University presents sustainable energy plans
Rachel O'Grady | Thursday, October 6, 2016
As part of Notre Dame’s Energy Week, senior director of utilities and maintenance Paul Kempf discussed the University’s approach to sustainability at a presentation Wednesday afternoon.
“The strategy the University has had is to reduce our carbon footprint, and there are a lot of ways to do that,” Kempf said. “It’s putting new infrastructure in place, and we’re trying to do that. Our long term goal is to decrease our carbon footprint by 83 percent [from 2005 levels] by 2050. I hope I’m not here in 2050, but it’s important to be setting those goals.”
Kempf said that, as the Notre Dame campus grows, the focus on sustainability is becoming increasingly important.
“This campus is growing, and I don’t think that’s going to change,” he said. “I think it will continue.”
Currently, 80 percent of buildings on campus are heated by the power plant at the heart of campus, Kempf said.
“There’s about 8.3 miles of tunnels around campus that pass through steam and such to the buildings,” he said. “The benefits of a central plant is that you have a lot of facilities right here on campus. It’s very efficient.”
While the current system of heating campus is efficient and effective, Kempf said the University is starting to try and move away from some of its less environmentally-friendly practices — for environmental, social and economic reasons.
“Oftentimes when we come to the table to look at conservation, we see it as a cost,” he said. “It’s like you want to buy that shiny new car instead of insulating your house, as an example.”
The conversations Kempf and his team were having with engineers and scientists led to a discussion with the administration about moving towards more sustainable energy.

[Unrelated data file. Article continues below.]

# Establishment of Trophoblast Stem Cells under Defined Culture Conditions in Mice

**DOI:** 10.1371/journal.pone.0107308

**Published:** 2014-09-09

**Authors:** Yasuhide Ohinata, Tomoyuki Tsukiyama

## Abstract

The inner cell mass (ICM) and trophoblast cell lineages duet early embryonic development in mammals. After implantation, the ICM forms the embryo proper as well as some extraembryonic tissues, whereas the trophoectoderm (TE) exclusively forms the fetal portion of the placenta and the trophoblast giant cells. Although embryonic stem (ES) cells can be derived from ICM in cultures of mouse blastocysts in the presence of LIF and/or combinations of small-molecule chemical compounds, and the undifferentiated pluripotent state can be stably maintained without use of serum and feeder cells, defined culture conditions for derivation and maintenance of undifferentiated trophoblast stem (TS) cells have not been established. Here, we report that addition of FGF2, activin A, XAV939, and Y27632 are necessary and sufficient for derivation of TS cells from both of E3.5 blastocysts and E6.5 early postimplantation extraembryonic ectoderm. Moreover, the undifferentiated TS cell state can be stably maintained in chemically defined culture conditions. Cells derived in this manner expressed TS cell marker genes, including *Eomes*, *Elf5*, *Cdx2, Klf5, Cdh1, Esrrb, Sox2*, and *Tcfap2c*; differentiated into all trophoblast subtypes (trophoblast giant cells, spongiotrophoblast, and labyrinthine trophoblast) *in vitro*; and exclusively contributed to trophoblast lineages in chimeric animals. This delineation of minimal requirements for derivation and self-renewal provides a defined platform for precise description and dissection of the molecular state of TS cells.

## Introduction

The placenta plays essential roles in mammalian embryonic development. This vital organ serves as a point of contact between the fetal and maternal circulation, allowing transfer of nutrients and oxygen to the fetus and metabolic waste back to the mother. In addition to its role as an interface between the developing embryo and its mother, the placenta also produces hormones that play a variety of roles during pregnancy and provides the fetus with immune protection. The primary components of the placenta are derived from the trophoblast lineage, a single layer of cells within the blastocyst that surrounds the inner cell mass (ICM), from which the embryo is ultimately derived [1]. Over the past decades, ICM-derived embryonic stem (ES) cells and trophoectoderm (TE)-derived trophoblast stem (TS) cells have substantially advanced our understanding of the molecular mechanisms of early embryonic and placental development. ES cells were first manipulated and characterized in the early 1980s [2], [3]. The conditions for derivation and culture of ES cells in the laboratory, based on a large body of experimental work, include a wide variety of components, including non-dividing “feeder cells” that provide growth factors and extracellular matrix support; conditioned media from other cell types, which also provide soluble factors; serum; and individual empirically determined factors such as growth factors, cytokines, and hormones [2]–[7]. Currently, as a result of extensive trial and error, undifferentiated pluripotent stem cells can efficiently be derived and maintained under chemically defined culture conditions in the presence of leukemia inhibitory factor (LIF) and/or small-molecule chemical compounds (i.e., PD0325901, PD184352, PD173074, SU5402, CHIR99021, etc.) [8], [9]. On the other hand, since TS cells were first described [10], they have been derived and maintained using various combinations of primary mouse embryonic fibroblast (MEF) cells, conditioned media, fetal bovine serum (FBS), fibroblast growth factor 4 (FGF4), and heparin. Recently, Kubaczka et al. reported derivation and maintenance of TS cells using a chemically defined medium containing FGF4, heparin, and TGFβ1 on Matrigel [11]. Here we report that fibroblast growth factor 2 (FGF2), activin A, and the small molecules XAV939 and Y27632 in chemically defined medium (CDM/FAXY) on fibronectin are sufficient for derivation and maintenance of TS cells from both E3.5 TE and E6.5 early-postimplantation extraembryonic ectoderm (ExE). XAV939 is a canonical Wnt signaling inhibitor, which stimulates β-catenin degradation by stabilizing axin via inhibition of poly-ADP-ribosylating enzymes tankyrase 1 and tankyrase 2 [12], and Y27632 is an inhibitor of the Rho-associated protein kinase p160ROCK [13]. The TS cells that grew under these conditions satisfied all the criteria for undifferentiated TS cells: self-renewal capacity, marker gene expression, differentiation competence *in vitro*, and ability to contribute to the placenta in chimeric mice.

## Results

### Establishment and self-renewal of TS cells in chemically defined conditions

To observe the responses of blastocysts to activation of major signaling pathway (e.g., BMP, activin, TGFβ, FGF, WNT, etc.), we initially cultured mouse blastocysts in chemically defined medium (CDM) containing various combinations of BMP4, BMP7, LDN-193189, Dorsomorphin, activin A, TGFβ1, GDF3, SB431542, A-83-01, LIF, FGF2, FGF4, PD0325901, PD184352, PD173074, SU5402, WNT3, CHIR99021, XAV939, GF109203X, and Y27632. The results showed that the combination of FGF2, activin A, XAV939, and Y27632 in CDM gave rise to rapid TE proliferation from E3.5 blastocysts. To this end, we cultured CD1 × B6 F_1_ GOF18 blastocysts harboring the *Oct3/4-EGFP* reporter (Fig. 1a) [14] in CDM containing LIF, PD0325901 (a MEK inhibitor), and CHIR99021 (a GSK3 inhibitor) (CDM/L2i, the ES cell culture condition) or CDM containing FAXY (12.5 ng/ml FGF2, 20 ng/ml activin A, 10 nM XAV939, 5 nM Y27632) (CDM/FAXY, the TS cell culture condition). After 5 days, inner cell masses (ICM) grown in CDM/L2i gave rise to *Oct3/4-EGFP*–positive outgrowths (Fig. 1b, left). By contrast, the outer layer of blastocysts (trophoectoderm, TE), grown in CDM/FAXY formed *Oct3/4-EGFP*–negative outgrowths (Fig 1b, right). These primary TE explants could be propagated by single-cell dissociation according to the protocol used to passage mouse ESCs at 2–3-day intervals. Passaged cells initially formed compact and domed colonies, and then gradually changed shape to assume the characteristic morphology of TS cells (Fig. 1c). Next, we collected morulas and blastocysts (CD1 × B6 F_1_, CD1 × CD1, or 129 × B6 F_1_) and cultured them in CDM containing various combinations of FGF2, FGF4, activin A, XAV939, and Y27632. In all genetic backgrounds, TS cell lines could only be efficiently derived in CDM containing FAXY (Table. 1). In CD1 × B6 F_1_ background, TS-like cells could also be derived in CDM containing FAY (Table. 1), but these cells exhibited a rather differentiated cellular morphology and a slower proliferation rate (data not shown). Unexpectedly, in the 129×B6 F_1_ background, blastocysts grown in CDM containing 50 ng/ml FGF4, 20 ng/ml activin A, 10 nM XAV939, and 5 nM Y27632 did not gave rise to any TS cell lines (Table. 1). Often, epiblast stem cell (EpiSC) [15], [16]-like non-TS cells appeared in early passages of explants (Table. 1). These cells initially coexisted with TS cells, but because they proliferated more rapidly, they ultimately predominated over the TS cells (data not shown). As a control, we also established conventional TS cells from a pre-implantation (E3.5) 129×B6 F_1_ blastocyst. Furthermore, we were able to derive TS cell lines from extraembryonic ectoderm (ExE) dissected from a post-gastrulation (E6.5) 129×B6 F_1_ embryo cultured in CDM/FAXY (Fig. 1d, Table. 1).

“We said, ‘You know, this is an investment. We see more sustainable energy coming down the line, you should see it coming too,’” he said.
So, as a result, the University has started to shift some of its energy practices, working to align with Leadership in Energy and Environmental Design (LEED) standards, Kempf said.
“We have nine buildings that are LEED certified, which is about 8.2 percent of campus square footage,” he said. “We’ve got seven buildings that we’re trying to get LEED certified — so that number is going to grow.”
Additionally, Kempf said the University is trying to diversify the types of fuel used on campus.
“We have always had that fuel diversity, so we’ve taken advantage of that without actually modifying much of our equipment,” he said. “So we’ve gone from using coal and natural gas, to using about 80 percent natural gas. … As Fr. John [Jenkins] said, we’re going to be completely off coal by 2020.”
Fortunately, the location of Notre Dame is well-suited to sustainable energy use, Kempf said.
“We’re lucky when you think about where Fr. Sorin thought to set us up,” he said. “We’ve used the lakes more than I think anyone could have predicted. I’m sure he wasn’t thinking that in the 1840s, but sometimes you just get lucky.”